When "Star Wars" was released in 1977, it was impossible to predict just how large of a pop culture sensation the space saga would become. The state-of-the-art visual effects, charismatic and endearing performances, and sensational storytelling that explored good and evil slowly became part of American culture's fabric. George Lucas further revealed that what would become "Episode IV: A New Hope" was actually the first film in a trilogy that would form the middle part of a longer story. Writing for The New Yorker in 2002, Jonathan Lethem described the movie as an "escape from a surrounding darkness and a repository of something innocent."

Themes like this gave the feature an appeal that could also make it a hit in retail merchandise, which is precisely what happened soon after it became a phenomenon. But as merchandising for the original trilogy continued to grow in the late '70s and early '80s, so too did many awkward product tie-ins and much more. This trend was particularly seen during the run-up to Christmas 1977, which included an odd and misleading "Star Wars" Xmas gift that lives on as one of its worst-ever toy lines. But the one-time gift that left many scratching their heads during the holiday season is now worth major bank today.

The gift included an empty envelope with toy stands for unreleased action figures

Throughout the decades, "Star Wars" toys have evolved with each passing film and trilogy. To take advantage of the original movie's influence and popularity from a commercial standpoint, the now-defunct Kenner Products marketed and released a unique Christmas gift in late 1977 that was actually not much of a tangible gift at all. The product was labeled as the "Star Wars Early Bird Kit," which was essentially an envelope along with "a cardboard stand for action figures, some stickers and a certificate that was redeemable by mail for four figures: Luke, Leia, Chewbacca, and R2-D2. The figures would arrive between February 1 and June 1, 1978," (via The Hollywood Reporter)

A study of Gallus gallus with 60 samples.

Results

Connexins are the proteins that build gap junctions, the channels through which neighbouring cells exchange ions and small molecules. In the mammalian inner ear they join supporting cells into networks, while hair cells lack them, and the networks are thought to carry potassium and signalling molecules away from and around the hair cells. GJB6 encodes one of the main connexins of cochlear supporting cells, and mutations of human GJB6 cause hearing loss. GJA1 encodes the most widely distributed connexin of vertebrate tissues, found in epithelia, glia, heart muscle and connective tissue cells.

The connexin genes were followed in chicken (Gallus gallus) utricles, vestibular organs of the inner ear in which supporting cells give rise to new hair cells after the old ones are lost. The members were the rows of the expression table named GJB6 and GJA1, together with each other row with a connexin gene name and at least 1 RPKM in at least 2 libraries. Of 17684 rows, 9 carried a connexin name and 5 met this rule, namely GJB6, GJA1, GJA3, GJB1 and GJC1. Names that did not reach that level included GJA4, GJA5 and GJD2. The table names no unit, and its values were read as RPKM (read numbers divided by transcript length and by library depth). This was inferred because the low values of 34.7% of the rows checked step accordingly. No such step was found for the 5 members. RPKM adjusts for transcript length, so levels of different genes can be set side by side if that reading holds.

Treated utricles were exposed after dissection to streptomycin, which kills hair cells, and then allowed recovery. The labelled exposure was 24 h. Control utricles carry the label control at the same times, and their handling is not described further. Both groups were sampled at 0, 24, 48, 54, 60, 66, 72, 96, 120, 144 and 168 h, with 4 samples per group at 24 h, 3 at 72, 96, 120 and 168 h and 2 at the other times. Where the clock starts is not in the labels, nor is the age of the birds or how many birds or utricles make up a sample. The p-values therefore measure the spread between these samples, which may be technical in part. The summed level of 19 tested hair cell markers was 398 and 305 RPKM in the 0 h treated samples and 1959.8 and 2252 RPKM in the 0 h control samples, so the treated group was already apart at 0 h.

According to toy expert Richard Gottlieb, while speaking to the History Channel's "Christmas Through the Decades" series, Kenner Products did not anticipate just how much demand there would be for an action figure line from the film. Despite retrospective criticisms, the aired commercial for the kit did indicate the toys were not included with the set at that time.

But even though many kids were likely a bit bummed that Xmas morning, flash-forward 40+ years into the future, and the cardboard stands in the envelope are going for thousands of dollars online, as mentioned by The Hollywood Reporter. Even what was once a peculiar move on a toy company's part is now gold thanks to the sheer supremacy "Star Wars" holds over popular culture.